I have been racking my head on this for a while now and not even the techs on customer support can even help me out. So heres the situation, I recently just switched over from MOCA to ethernet and got a router to run to the otn box. everything works fine except i none of my buddys can hear my teamspeak server. Checked the ports and they were still closed after setting up port forwarding, tried DMZ mode and still no go. replace the router with a realy nice one and still nothing. Then I check by connecting my pc directly to the ont and sure enough... nothing. The only port that I can find to be open is port 80, and all the tech tell me that the ont wont block the ports so I'm at a lost here.
08-19-2015 06:43 PM - edited 08-19-2015 06:45 PM
Ports will only show open, instead of the "Closed" or "Stealth" State if there is an application, such as a server running from those ports at the time of doing the test. Most connections made to another service, such as a Teamspeak server, will make an outbound connection. An inbound connection is then established from the Teamspeak server to the client, and NAT within your router (if this is in the mix) will then work to ensure that data reaches the client PC. This cycle causes the "two way communication" effect that many Internet applications use to function.
So say if the Teamspeak client claims port 80 for running a web interface from your computer. It also claims port 51234 for data between the TeamSpeak server and the client application itself. The application connects to port 1234 on the TeamSpeak server to create a TeamSpeak connection. If you were to port scan the server, the only port that would show as open, is port 1234. Port 51234 would not show up as open. The same goes for your computer. Scanning Port 80 will show it is open, but port 51234 will show as closed. This is because the "port check" tools can only check for services which are hosting a connection on a particular device - not that the port is actually allowed to pass traffic.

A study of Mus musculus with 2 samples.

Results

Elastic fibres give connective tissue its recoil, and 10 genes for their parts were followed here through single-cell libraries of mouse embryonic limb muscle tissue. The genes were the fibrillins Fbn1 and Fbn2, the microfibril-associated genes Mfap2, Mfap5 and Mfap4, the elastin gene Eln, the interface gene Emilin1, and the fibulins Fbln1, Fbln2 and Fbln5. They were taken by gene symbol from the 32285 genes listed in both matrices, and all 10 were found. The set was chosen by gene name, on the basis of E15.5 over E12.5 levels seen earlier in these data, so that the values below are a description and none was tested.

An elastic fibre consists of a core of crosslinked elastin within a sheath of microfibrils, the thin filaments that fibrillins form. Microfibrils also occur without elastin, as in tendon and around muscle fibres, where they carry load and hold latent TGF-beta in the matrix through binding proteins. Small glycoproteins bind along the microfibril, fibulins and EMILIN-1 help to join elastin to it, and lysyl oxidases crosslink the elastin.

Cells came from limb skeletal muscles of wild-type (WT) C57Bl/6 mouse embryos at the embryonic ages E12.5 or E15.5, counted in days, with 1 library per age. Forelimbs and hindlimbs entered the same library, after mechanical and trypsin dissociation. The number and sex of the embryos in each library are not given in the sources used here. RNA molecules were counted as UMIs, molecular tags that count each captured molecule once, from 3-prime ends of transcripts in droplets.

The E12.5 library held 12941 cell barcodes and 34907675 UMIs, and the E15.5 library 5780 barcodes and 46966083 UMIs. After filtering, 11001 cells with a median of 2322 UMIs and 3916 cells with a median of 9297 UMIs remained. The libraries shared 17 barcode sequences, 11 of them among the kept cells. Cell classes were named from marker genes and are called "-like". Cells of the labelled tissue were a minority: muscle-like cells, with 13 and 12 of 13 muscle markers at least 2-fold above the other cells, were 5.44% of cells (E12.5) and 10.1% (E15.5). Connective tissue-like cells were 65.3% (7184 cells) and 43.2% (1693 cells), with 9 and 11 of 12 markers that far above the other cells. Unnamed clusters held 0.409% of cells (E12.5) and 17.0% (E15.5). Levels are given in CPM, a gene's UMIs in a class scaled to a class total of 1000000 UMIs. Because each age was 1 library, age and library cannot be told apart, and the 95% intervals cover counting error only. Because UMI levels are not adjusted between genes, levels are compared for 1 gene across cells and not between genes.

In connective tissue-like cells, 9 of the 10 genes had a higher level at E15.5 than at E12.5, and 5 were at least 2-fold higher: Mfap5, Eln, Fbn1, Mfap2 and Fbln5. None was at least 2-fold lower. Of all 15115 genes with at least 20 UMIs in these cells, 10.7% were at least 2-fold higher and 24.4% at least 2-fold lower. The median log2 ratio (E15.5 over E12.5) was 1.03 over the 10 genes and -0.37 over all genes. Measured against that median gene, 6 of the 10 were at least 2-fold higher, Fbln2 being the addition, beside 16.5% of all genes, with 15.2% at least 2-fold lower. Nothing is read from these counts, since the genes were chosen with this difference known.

I'm not sure how clear I made that explanation, but hopefully it helps point you in the right direction. If you're hosting the TeamSpeak server from your FIOS connection, there is a good chance that something lame like a Firewall, somewhere, perhaps even on the client end, could be causing some grief. If Verizon suddenly started to roll out "Carrier Grade NAT" recently, this could also cause grief with applications like TeamSpeak, although that is quite unlikely. Just to be sure - the port you're checking is the actual port which is being used by TeamSpeak to authenticate and connect clients, correct? If yes, and clients can connect, I suspect the voice traffic, which probably operates on a randomly defined port, is not being passed.
The thing to note is that, if all ports except for port 80 were blocked, your FiOS service would not work. My explanation above should clue into why. Verizon can effectivly block Inbound initiated connections, but outbound is a whole 'nother animal and is something they should never attempt to do. Your issue sounds like an outbound issue.